The Museum Collection of Patek Philippe at the Saatchi Gallery: LIVE PHOTOS
Last time I shared my photo report of the current collection of Patek Philippe that was being displayed at London's Saatchi Gallery. Now it's time for the museum pieces. Oh boy. Just wow. This is what I came to the exhibition to see and I'm so glad I made the trip. Last year my wife and I had planned to visit the Patek Museum in Geneva on our last day in Switzerland, however we massively underestimated how tired we'd be after getting up at 4am to travel across the country to have a tour round CERN, so we weren't able to make it. If this is just a peek at what Patek have there, then I'm definitely up for returning (as if I wasn't already).
Below are four brilliant examples of chronographs that Patek had in a display case of around twenty pieces. Unfortunately in a museum setting with dozens of people milling around you, it's not exactly the done thing to hog one window and take endless pictures, so I was only able to get a few. It's only when you see a 2499 in the flesh do you suddenly realise what all the fuss is about, though I am still more partial to the curved lugs and case of the 2571. Seeing all of these pieces together really makes you appreciate just how advanced and beautiful these pieces still are decades after being made. Every aspect of these pieces has been painstakingly designed and manufactured to be the best at what they do.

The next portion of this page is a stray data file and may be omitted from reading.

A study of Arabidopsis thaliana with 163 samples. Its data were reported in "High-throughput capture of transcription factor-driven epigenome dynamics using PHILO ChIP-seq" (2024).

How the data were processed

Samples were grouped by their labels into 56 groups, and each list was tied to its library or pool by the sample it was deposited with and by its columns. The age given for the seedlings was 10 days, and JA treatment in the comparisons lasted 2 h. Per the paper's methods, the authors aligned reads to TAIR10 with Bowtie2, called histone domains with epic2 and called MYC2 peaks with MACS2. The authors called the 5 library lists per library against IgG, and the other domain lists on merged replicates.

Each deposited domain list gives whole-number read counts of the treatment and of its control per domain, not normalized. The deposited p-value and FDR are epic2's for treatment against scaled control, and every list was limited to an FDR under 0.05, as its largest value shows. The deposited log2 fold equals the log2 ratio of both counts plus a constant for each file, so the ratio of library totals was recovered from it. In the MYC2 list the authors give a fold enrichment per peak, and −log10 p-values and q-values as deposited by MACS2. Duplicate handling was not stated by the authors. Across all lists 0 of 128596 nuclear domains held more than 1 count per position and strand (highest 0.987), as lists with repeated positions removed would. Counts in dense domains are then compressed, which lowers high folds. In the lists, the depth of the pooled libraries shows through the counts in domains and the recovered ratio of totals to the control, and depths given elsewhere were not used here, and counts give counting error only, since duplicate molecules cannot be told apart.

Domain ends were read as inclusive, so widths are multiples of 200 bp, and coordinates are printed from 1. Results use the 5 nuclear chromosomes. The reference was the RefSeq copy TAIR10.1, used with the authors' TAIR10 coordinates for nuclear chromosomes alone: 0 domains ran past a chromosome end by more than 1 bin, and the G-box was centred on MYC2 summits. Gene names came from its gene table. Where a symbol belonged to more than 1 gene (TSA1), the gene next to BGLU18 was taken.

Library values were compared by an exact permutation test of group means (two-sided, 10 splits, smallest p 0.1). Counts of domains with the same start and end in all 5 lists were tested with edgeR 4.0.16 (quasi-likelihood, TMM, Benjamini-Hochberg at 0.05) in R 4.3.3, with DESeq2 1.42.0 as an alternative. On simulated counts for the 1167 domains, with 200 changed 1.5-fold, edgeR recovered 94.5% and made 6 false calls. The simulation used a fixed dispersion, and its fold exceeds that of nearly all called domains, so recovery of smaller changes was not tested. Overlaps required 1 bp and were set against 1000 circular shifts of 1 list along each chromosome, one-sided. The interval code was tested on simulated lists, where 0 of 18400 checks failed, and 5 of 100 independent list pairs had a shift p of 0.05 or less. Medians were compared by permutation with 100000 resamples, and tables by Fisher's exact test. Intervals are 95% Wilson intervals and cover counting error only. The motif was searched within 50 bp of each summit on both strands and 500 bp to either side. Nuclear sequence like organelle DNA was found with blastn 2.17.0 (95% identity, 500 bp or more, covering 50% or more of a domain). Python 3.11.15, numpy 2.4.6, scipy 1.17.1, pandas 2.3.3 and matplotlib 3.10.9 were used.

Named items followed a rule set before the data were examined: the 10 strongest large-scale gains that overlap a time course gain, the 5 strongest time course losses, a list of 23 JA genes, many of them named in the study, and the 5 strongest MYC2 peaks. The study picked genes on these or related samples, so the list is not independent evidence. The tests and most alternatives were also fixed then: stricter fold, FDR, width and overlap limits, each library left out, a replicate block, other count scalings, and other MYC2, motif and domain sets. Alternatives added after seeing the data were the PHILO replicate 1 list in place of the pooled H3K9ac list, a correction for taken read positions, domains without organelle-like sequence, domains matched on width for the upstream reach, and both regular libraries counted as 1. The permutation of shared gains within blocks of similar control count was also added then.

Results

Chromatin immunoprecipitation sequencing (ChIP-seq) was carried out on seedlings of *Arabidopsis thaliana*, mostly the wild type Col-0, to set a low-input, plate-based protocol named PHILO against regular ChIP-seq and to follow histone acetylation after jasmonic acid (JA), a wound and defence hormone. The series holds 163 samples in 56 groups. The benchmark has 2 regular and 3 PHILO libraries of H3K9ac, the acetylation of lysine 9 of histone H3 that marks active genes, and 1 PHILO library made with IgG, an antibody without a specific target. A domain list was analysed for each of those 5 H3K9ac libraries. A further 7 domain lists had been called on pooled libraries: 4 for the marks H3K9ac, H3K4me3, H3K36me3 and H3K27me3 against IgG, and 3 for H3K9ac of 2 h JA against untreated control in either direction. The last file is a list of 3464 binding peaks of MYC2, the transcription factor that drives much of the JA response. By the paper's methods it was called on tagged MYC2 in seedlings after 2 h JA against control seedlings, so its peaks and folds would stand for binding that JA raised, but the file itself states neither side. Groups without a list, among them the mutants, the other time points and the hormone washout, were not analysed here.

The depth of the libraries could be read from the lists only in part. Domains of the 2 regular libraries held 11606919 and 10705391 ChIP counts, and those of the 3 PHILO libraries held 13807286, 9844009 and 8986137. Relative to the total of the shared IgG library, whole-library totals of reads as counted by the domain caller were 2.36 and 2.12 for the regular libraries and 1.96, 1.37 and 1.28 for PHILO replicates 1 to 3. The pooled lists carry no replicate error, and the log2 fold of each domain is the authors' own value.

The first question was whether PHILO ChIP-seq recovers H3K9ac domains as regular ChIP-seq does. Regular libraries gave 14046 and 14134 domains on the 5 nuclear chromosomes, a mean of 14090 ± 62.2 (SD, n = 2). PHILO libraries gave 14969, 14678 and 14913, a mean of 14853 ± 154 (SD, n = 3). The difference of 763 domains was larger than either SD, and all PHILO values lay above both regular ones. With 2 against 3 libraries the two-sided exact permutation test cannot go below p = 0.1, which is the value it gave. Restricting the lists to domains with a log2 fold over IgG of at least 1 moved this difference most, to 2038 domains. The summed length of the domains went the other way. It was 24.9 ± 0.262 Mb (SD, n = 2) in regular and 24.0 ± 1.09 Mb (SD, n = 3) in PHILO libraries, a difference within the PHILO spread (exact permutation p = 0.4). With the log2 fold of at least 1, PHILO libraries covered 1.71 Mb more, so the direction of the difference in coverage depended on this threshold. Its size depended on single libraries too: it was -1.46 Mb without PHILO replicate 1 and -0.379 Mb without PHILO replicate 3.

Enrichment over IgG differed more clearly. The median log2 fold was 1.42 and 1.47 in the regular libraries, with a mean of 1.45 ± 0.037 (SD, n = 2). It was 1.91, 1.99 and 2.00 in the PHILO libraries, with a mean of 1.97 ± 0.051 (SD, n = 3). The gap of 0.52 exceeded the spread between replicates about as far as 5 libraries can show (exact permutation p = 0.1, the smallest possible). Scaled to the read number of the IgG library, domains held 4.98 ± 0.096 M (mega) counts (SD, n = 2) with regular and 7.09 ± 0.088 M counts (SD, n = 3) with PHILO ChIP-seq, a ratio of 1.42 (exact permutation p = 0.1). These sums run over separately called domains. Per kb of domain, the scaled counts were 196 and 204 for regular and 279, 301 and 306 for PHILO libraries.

What struck me most of all whilst at the exhibit was the sheer variety of pieces that Patek has produced over the years. It shouldn't really be a surprise with a blue chip Swiss watch manufacturer with a history like Patek's, but until you see what pieces they've made, it's hard to comprehend the quantities. Perpetual calendar pocket watches in the 1970s, huge aviator pilots watches, the first split seconds chronograph EVER, chirping bird automatons, jungle themed enamel dials: the list goes on and on and on.
There were several automatons being displayed at this exhibit, but this bird cage was something else. This is from another age, owned by the Ottoman Imperial Family who ruled their Empire from 1299 to 1922. We think of today's culture as being one of extravagance where the hyper rich can purchase anything they want. It's in seeing this stunning work of artistry and mechanics with its seemingly alive mechanical birds and hidden music box that we realise that we've no idea what true luxury is. Along with the fall of the reign of Kings and Emperors, the era of bespoke pieces like this fell as well . In 1830, before CAD and industrialisation, a team of technicians/artists made this work of art through sheer force of will in the face of technical restraints of the era.
Next time we'll be taking a look at the rare handcrafts and watch art on display at the Saatchi Gallery that show Patek is still committed to creating truly beautiful works of art.